Hong Kong Activist Agnes Chow Wins Appeal Overturning Election Ban

Agnes Chow

A political activist who was barred from running in elections to Hong Kong's legislature on political grounds has won an appeal against the administrative decision.

Former 2014 student protest leader Agnes Chow, now a member of the political party Demosisto, was disqualified from running in a LegCo by-election in March 2018 because her political views were judged to be pro-independence.

An electoral officer for Hong Kong Island ruled that she wasn't fit to stand in a byelection to fill the seat left empty by the earlier disqualification of Demosisto lawmaker Nathan Law, one of six pro-democracy LegCo members to be disqualified because of the way they took their oaths of allegiance.

Chow launched a legal challenge to her disqualification, and on Monday won her appeal in Hong Kong's High Court.

The returning officer cited Demosisto had previously called for self-determination for the people of Hong Kong, which pro-Beijing politicians have said is tantamount to advocating independence.

A High Court judge ruled on Monday that the election officer had failed to give Chow a fair opportunity to respond to the claim that she was incapable of upholding Hong Kong's mini-constitution, the Basic Law, because of Demosisto's political platform.

Judge Anderson Chow said there was a "breach of the principle of natural justice or procedural fairness" in the officer's decision.

The right to be heard is "an important procedural safeguard which should not be lightly displaced," the judge found.

The decision nullified the result of the by-election that went ahead without Chow, unseating pro-democracy lawmaker Au Nok-hin.

But Agnes Chow told journalists outside the court that the decision hadn't changed the core issue at stake: the debarring of would-be candidates based on their political views.

"The judge mainly based his conclusion on the fact that ... the [electoral] officer was in violation of principles of fairness when they disqualified me without asking me to clarify my political opinions and stance," Chow said. "That's why I won the appeal."

"But the [electoral officers] still have have the power to revoke a candidacy based on the political views of a candidate, if they follow the due process of asking them about their views," she said. "That's why I am calling this a bittersweet victory."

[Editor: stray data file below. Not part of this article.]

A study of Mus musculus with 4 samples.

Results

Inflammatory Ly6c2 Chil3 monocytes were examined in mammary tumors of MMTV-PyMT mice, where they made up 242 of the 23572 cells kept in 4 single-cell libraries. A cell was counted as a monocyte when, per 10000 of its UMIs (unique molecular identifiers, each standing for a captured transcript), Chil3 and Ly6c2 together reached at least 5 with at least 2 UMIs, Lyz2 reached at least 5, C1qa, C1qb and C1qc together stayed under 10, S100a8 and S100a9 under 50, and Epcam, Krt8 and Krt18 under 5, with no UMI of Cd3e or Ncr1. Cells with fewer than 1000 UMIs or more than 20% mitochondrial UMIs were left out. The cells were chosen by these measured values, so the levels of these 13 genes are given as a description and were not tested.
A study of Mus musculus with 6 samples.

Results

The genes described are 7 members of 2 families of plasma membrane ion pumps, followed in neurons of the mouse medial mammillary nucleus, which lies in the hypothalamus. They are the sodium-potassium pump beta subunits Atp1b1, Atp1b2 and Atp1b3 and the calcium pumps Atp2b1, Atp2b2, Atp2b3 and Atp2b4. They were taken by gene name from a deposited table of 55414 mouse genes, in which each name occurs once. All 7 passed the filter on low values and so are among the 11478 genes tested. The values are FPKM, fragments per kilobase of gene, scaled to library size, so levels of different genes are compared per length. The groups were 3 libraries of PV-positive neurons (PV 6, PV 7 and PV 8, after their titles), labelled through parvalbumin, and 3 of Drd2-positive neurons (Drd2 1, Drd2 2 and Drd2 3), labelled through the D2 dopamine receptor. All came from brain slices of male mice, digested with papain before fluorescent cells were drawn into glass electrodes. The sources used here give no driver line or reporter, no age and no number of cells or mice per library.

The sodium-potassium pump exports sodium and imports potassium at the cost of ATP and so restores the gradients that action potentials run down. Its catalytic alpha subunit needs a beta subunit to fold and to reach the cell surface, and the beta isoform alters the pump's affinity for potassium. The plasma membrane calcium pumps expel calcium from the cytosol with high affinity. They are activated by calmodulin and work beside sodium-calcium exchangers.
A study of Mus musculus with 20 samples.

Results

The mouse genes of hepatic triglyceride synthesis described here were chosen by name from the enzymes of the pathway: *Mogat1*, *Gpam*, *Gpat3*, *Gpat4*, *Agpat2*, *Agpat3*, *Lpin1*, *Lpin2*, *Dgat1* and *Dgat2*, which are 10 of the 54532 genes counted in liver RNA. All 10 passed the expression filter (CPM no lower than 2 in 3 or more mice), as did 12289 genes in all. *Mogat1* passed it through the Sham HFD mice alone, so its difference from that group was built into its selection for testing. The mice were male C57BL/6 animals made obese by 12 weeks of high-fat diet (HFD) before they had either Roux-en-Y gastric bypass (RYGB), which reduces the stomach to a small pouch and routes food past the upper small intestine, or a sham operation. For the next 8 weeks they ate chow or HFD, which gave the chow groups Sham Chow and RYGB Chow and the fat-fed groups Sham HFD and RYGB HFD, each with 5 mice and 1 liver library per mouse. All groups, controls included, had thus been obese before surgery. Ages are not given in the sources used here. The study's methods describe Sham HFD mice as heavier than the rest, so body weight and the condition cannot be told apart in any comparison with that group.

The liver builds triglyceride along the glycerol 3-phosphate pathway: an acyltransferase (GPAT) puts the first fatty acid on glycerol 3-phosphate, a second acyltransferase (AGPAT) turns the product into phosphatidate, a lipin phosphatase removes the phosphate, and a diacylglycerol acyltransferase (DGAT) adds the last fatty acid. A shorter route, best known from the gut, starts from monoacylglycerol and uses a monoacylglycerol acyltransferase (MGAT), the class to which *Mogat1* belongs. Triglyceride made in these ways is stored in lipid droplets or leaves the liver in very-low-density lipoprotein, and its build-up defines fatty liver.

'A slap in the face for the government'

Au welcomed the news, in spite of having lost his seat in LegCo.

"Agnes Chow's victory is a slap in the face for the government," Au said. "It has been a great honor, even though I have now lost my seat, and I hope to continue to serve the people of Hong Kong as a district councillor."

Lau Siu-lai, a former LegCo member who was also disqualified after Beijing ruled her oath-taking invalid, said she would discuss how the ruling in Chow's appeal could affect legal action of her own.

But she made the same point as Chow about the judgment.

"The government may not have implemented it well, but the returning officer still has the right to strip a person of their candidacy," Lau said. "This is the real crux of the matter, and I don't think it has been properly talked about."

Prospective candidates can now only run in elections to LegCo or Hong Kong's district councils if they sign a letter pledging allegiance to the Hong Kong government and the city's mini-constitution, the Basic Law.

Anyone who is believed to support independence or "democratic autonomy" for Hong Kong, which was handed back to the People's Republic of China in 1997, is also prevented from standing,

The barring of certain candidates because of their political views has sparked widespread criticism among barristers, rights groups and pro-democracy politicians, as well as among former British and Hong Kong officials, who say the move is a blow to democracy and freedom of expression in the former British colony.

And a proposed extension of the ban to include calls for a democratic China would make it much harder for pro-democracy politicians and rights activists who have made such comments in the past to stand for election, regardless of their views on independence.

Au has previously warned that if such criteria are extended to district council elections, pro-democracy candidates will be locked out of both levels of Hong Kong politics.

Reported by Wong Lok-to for RFA's Cantonese Service. Translated and edited by Luisetta Mudie.